Most companies today claim to be fluent in data, but as with most trends, these claims tend to be exaggerated. Companies are high on data, but what does it mean to be a data-driven company? I went ahead and asked a number of business leaders.
According to Amir Orad, CEO of Sisense, a business intelligence software provider, true data-driven companies understand that data should be omnipresent and accessible.
"A data-driven company is an organization where every person who can use data to make better decisions, has access to the data they need when they need it. being data-driven is not about seeing a few canned reports at the beginning of every day or week; it's about giving the business decision makers the power to explore data independently, even if they're working with big or disparate data sources."
Asaf Yigal, the co-Founder of Logz.io, ELK as a service cloud platform, agrees, but emphasized the importance of measurability.
"Data-driven complains are companies that relentlessly measure and monitor the pulse of the business and are doing so in a continuous and often automated manner."
Companies often proudly talk about data-driven marketing, but forget that the company itself should be driven by data, internally and externally. It's also important to remember that internal data might help produce information that can be used for marketing and sales purposes.
"There's a lot of talk about data-driven marketing and sales, etc., but not a lot about a company as a whole becoming data-driven," said Manish Sood, the founder and CEO of Reltio.
Bryan Harwood from Outsell sets says a company needs to meet the following three objectives to qualify.
It should be able to not only draw data from a variety of internal and external sources, but also be able to blend that data in an analytics engine and distill it down to actionable insights.
These insights should drive real-time decision making that infuses every level of the organization.
The data should yield quantifiable results downstream that in turn, inform the organization about which data sources are yielding results.
Considering the increasing complexity of data growing larger in size, changing rapidly and spread between many disparate sources, accessibility alone is not enough.
"Being data-driven is not about seeing a few canned reports at the beginning of every day or week; it's about giving the business decision makers the power to explore data independently, even if they're working with big or disparate data sources. They need to be able to ask questions and receive answers that are based on data before the decision is actually made -- today in many places the executive makes a 'gut-instinct' decision and then looks for the data to justify it. But if data is readily available and easy to analyze and to present in visual form, it becomes an inherent part of the decision-making process -- and that's what makes an organization truly data-driven," said Orad.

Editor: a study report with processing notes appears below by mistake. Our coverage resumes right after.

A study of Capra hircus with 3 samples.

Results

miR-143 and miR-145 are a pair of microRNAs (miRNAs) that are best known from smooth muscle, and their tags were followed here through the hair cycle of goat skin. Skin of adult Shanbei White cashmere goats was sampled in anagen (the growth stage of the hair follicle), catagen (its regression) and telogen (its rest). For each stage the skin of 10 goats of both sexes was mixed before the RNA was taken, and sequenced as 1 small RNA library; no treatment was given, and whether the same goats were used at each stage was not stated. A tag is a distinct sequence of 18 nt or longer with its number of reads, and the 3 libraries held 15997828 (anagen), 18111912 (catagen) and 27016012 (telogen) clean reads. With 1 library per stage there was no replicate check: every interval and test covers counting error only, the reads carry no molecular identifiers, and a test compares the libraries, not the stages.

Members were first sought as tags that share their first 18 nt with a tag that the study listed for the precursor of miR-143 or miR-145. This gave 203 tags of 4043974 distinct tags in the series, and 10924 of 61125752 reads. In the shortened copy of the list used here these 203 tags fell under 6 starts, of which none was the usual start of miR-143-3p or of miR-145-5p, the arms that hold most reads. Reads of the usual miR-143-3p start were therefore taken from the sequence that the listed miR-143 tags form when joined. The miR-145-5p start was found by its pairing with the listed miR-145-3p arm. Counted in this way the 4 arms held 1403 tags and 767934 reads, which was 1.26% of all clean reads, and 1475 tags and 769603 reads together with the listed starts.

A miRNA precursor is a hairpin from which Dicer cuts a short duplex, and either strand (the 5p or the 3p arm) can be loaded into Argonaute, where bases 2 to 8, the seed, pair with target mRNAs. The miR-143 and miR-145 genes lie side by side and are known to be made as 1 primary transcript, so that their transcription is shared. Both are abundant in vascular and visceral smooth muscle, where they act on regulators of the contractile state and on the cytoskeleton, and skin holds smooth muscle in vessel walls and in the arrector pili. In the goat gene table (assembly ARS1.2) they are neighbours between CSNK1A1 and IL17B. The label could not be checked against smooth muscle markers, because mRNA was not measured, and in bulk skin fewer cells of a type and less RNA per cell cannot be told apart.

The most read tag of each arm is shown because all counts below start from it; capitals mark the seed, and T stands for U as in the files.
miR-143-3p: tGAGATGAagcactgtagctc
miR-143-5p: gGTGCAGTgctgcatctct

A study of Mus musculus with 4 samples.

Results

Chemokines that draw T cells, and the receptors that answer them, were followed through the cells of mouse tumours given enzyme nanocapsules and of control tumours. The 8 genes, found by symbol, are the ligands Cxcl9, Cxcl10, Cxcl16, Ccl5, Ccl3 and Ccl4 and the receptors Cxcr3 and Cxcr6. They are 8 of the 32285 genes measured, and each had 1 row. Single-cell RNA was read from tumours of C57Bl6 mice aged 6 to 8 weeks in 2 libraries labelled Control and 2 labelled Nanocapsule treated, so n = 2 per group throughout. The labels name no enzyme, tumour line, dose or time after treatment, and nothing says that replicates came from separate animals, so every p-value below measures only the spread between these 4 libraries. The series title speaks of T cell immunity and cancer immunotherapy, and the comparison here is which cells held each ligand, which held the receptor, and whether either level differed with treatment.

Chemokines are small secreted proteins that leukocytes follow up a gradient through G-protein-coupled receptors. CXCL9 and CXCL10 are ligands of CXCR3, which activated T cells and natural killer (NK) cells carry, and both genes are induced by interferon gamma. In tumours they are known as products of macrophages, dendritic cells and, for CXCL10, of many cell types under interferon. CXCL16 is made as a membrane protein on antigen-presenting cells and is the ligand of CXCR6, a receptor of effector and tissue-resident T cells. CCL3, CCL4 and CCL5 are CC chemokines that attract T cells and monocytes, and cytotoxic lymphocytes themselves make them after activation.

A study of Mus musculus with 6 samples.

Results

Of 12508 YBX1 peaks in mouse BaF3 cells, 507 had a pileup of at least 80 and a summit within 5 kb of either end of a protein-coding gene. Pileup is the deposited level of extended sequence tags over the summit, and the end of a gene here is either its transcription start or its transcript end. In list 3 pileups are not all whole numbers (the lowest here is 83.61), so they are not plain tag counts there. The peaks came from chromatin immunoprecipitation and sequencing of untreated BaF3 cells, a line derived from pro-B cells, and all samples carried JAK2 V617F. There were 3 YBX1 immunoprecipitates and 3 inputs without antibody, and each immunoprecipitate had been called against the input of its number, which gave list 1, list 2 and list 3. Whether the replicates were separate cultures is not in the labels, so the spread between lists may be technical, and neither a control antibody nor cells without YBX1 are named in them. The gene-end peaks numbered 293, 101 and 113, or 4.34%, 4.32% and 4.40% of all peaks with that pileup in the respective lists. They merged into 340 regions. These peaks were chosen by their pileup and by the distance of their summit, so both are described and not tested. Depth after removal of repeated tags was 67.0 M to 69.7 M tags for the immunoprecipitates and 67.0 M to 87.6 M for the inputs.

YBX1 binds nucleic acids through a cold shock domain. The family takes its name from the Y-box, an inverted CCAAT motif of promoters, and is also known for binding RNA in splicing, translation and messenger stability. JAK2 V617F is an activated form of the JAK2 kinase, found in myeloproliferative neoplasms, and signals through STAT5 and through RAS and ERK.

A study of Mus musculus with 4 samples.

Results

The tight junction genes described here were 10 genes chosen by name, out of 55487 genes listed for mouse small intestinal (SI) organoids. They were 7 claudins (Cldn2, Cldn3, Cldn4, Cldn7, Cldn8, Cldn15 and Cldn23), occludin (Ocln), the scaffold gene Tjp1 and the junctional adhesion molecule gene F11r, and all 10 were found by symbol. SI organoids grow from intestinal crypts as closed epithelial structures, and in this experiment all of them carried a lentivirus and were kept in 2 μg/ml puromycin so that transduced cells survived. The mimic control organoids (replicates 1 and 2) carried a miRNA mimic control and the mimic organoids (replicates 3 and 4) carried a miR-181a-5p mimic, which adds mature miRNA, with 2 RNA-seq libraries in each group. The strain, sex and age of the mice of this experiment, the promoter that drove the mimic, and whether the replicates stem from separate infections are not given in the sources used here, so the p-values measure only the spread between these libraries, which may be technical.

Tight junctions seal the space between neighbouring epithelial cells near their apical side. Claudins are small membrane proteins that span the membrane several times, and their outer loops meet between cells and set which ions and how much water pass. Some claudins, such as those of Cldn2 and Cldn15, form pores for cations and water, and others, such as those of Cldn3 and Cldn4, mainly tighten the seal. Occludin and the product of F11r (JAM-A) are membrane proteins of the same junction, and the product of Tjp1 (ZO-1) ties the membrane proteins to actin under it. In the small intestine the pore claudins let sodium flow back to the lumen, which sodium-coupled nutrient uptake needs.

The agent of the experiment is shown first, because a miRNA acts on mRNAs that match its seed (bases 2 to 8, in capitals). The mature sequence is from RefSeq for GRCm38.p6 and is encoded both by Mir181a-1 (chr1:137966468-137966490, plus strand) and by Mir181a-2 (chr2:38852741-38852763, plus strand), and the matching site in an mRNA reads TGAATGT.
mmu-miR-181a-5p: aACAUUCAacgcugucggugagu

The surge of a data-driven culture has also had a significant impact on how companies are structured. The complexity of data forces companies to merge different department to harness their individual strengths to make the most of data. Being data-driven means making use of massive quantities of unstructured data – text, video, voice. In the past this belonged to the IT department which had a tough time extracting insights from it.
"Cognitive technologies allow IT to mine this data and marry it with predictive analytics to provide deeper insights into healthcare (oncology) or sales (support) or supply chain (pulling in weather/IoT data and social media data and log data and fusing it to predict supply and demand trends more accurately). Going forward this is what it will mean to be a data-driven company -- simply reacting to trends in past sales data won't cut it against the competition in this era," said Scott Crowder, CTO and vice president, technical strategy and transformation for IBM Systems.
From darkness to light: how to become data-driven
According to most experts, the road to data fluency is not easy or glamorous.
"To become a data-driven company the belief in the importance of the integrity and quality of information needs to permeate the culture of the company at all levels. It is not enough to start a formal data governance program, becoming data-driven requires a disciplined shift in the mindset of all employees towards maintaining the integrity and quality of their data," said Chris Jennings, vice president of technology services at Collaborative Consulting.
Yigal from Logz.io asks companies to treat data as religion.
"Companies need to be religious with demanding to see the data before and after changes are being made. Especially in fast moving start-up companies where changes are easily made it's prudent to track the impact of every change."
To make sure data is not only in the hands of IT and other data enthusiasts, organizations need to embrace a switch in culture. Most experts agree that business intelligence needs to be in the hands of every decision maker in the company to make sure the entire staff is aligned and fighting the same battles.
"This way, there are no 'different versions of the truth' floating around in disparate spreadsheets, and every user has a consistent experience across platforms," said Ulrik Pederson, CTO of TARGIT.
Once the organization is prepared for the switch, there are three key components of becoming a data-driven organization.
- Build a data warehouse
- Connect the most critical data sources
- Share data through dashboards, analyses, mobile business intelligence, storyboards, and report
As data volume, variety, and velocity increase, so does the organization's ability to make use of it, especially if the cultural and technical elements are in place. Analytics, resources, and skills should not be limited to a few departments, and everyone, from sales to marketing and IT to finance, should leverage the benefits of data.